Arbor Software and Hyperion Software have agreed to merge to become Hyperion Solutions, in a deal valued at $760 million.
The move signals the first major consolidation in the overstocked online analytical processing (Olap) market, although industry watchers have been waiting for this to occur for some time, and follows the resignation of Jim Dorrian, Arbor?s founder and chairman, last week.
Discussions between the two organisations started at the end of last year, but foundered when Hyperion demanded an acquisition premium on its stock price, to which Arbor objected because it was keen to go for a merger without paying a premium.
Jim Perakis, chairman and chief executive of Hyperion, said: ?The merger of Arbor and Hyperion is intended to allow us to broaden the delivery of analytic application solutions to customers worldwide.?
Under the terms of the stock swap transaction, Arbor will issue 0.95 share for each share of Hyperion, which means that Arbor shareholders will own about 40 per cent of the joint company, while Hyperion shareholders will control the rest. Arbor generated $82 million in revenues last year, while Hyperion turned over $271 million.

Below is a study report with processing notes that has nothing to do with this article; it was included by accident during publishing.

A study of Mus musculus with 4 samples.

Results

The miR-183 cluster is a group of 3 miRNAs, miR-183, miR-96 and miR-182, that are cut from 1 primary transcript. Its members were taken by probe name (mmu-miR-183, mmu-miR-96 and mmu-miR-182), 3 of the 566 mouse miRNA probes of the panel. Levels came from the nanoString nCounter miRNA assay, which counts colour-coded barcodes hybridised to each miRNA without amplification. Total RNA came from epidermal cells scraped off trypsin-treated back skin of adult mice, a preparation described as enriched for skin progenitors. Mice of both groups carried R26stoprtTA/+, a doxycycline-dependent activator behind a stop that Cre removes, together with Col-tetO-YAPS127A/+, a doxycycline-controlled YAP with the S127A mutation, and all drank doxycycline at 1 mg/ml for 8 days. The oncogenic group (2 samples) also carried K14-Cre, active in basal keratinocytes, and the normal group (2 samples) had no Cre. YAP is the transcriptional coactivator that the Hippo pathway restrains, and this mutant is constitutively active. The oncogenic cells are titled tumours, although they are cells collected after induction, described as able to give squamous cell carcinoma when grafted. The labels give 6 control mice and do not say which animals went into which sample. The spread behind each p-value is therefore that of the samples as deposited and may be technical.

Hyperion Solutions will turn over $350 million and have a market capitalisation of $1.3 billion. It will be based at Arbor?s headquarters in Sunnyvale, California, but sales and marketing will operate out of Hyperion?s base in Stamford, Conneticut.
Jim Perakis will become chairman for about six months, when he will be replaced by John Dillon, Arbor?s president and chief executive. Dillon will assume the same role at Hyperion. Four members of the board will be Hyperion executives and the other three will come from Arbor.
It is unclear at this point what the merger means in terms of redundancies or product integration, but the two offerings are fairly complementary. Arbor sells an Olap engine, while Hyperion sells Olap applications for budgeting and planning and financial reporting and consolidation.